European Court of Justice (ECJ) decision on Airbnb exemplifies need to review existing rules on information society services
Brussels, 19 December 2019 – Today’s verdict by the European Court of Justice (ECJ) on Case C-390/18 opposing the City of Paris with Airbnb weakens the powers at the disposal of national and local authorities to regulate the short-term rental accommodation market. Furthermore, it is a clear sign that EU e-commerce rules are not adapted to today’s market reality.
The reasoning behind the verdict – whereby Airbnb is considered as a mere information society service provider because it is deemed not to exercise a ‘decisive influence’ over the accommodation services to which its activities relates – clearly indicates that current EU rules on e-commerce, dating from 2001, are not adapted anymore to business models enhanced by digital platforms which have rapidly developed over the past decade.
Mr. Ramón Estalella, Chair of HOTREC’s ‘Collaborative’ Economy Working Group said: “Today’s verdict will undermine the powers at the disposal of local authorities to regulate the short-term rental sector, including measures aiming to support sustainable tourism, affordable access to accommodation and a level-playing field.”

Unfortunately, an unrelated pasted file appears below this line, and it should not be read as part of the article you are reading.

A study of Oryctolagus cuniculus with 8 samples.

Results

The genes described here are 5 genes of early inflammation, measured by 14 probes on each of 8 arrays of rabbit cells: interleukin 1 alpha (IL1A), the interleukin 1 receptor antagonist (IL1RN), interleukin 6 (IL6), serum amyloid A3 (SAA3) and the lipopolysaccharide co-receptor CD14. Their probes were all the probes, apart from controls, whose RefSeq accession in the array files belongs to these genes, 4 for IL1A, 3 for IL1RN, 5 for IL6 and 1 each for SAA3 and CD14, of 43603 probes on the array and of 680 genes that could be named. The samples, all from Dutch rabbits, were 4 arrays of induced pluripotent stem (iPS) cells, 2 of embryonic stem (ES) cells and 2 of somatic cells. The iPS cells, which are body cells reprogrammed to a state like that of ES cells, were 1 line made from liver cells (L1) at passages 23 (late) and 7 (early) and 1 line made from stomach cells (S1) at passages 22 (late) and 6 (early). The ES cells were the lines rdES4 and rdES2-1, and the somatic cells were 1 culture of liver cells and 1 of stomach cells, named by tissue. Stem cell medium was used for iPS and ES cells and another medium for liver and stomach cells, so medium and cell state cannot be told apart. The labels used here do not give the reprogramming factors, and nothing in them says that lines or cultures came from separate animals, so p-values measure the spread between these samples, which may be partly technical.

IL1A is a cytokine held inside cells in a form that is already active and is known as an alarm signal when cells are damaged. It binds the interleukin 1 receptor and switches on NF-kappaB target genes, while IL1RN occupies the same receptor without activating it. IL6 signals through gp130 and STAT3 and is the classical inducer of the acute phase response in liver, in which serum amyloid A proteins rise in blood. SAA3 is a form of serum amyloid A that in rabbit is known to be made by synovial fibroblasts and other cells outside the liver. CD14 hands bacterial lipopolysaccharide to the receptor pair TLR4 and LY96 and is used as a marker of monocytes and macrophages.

He added: “I hope that the European Commission takes note of this judgment as a case-in-point that the E-commerce Directive in its current form has outlived its purpose and I look forward to seeing this addressed in the upcoming Digital Services Act. EU legislation should not act as a barrier to the pursuit of public interest objectives by local authorities.”
Hoteliers around Europe support measures to ensure the sustainable and responsible development of short-term rental activities and the establishment of a level playing field. In this light, HOTREC believes that ensuring consumer safety and security as well as tax income from short term rental activities should be strongly considered by policy makers. Establishing registration or licensing systems for short-term rental landlords and properties in Europe is a basic prerequisite to achieve these public policy objectives.
For further information: www.hotrec.eu
HOTREC represents the hotel, restaurant and café industry at European level. The sector counts in total around 2 million businesses, being 99,5% small and medium sized enterprises (90% are micro enterprises, i.e. employing less than 10 people). These businesses make up some 60% of value added. The industry provides almost 12,5 million jobs in the EU alone (2017). Together with the other tourism industries, the sector is the 3rd largest industry in Europe. HOTREC brings together 44 national associations representing the interest of this industry in 32 different European countries.